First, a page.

Earthquake Disaster Relief: Reflections on Volunteering in Türkiye
In the early morning of February 6, 2023, a magnitude 7.8 earthquake hit Türkiye and Syria, sending shockwaves hundreds of miles, reaching even Lebanon and Cyprus. Two major quakes (magnitude 6.7 and 7.6) followed in the next 9 hours, killing over 50,000 people and displacing millions.
This disaster marked the region’s strongest earthquake in 100 years, garnering international aid from across the globe—including volunteers from All Hands and Hearts, a Massachusetts-based nonprofit that provides post-disaster relief worldwide.
After the February quakes, Washington State Safety Assessment Facility Evaluators (WAsafe)—an organization that trains and organizes citizens to provide post-earthquake building safety assessments—sent out a call to its trained volunteers for assistance with building safety evaluations.
With Anchor QEA’s encouragement, Principal Engineer John Laplante joined the group of WAsafe experts headed to the Middle East.
Arrival in Kahramanmaraş
On April 17, John arrived in the Turkish city of Kahramanmaraş, prepared to use his engineering expertise for safety evaluations—but the road ahead did not unfold as planned.
When the WAsafe engineers arrived, the plan for post-earthquake building evaluations changed. Government approvals were not obtained for volunteer engineering assessments, so WAsafe’s engineers reprioritized efforts to support their sponsor, All Hands and Hearts, by supplementing the efforts of numerous Türkiye-based and international disaster relief organizations.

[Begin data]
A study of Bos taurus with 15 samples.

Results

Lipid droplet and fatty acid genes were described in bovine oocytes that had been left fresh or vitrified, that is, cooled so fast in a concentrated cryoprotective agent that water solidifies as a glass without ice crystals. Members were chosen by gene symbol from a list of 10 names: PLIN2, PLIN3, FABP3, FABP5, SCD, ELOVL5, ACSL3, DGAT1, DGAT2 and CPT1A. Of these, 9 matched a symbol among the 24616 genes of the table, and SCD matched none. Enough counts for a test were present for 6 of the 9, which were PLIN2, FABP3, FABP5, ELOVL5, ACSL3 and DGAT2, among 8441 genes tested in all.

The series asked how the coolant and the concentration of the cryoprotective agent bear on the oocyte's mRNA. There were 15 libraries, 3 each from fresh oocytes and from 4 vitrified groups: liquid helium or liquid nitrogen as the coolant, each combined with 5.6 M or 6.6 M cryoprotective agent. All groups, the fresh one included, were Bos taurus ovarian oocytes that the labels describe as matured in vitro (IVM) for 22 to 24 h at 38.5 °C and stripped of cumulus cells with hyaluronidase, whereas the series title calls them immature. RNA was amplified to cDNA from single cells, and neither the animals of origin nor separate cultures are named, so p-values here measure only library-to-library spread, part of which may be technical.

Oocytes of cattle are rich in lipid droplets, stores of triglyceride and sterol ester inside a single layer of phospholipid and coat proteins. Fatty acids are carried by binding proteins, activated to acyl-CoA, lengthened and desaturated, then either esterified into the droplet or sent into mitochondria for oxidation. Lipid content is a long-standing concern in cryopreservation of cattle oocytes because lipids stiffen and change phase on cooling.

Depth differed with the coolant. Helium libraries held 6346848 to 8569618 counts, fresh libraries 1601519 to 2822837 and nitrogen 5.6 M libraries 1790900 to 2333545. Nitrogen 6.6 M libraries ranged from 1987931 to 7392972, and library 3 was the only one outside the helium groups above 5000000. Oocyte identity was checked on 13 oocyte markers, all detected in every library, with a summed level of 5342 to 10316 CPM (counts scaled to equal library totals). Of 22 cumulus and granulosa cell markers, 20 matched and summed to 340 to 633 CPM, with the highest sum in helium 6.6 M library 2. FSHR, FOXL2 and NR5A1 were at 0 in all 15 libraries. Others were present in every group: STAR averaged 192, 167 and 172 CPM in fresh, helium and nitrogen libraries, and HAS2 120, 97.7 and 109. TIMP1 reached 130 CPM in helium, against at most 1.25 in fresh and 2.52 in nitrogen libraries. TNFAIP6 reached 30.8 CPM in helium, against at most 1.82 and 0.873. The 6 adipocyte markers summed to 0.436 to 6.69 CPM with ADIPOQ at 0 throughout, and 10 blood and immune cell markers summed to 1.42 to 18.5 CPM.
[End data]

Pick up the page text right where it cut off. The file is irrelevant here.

For the engineers, this meant working alongside other local and international volunteers setting up camp for displaced families, preparing and distributing food, deconstructing non-essential shelters, sorting donations, and building structures so women and families could gather safely to seek shelter from the weather.
Two weeks of work in Kahramanmaraş quickly ended, and it was time for John and his WAsafe cohort to allow the next wave of volunteers to take over. Even after returning home, it was difficult for John to process the emotions regarding this unexpected experience.
“It was indescribable witnessing a 10-story building turned to rubble, but even with the overwhelming reality of suffering, it was inspiring to see the support from volunteers around the world and, especially, the resilience of those rebuilding their lives. Still, the job’s not done, and I hope my experience reminds my fellow staff members that we work at a company that encourages us to go the extra mile.”
Learn about Anchor QEA’s commitment to community involvement and its Volunteer Grant Program here.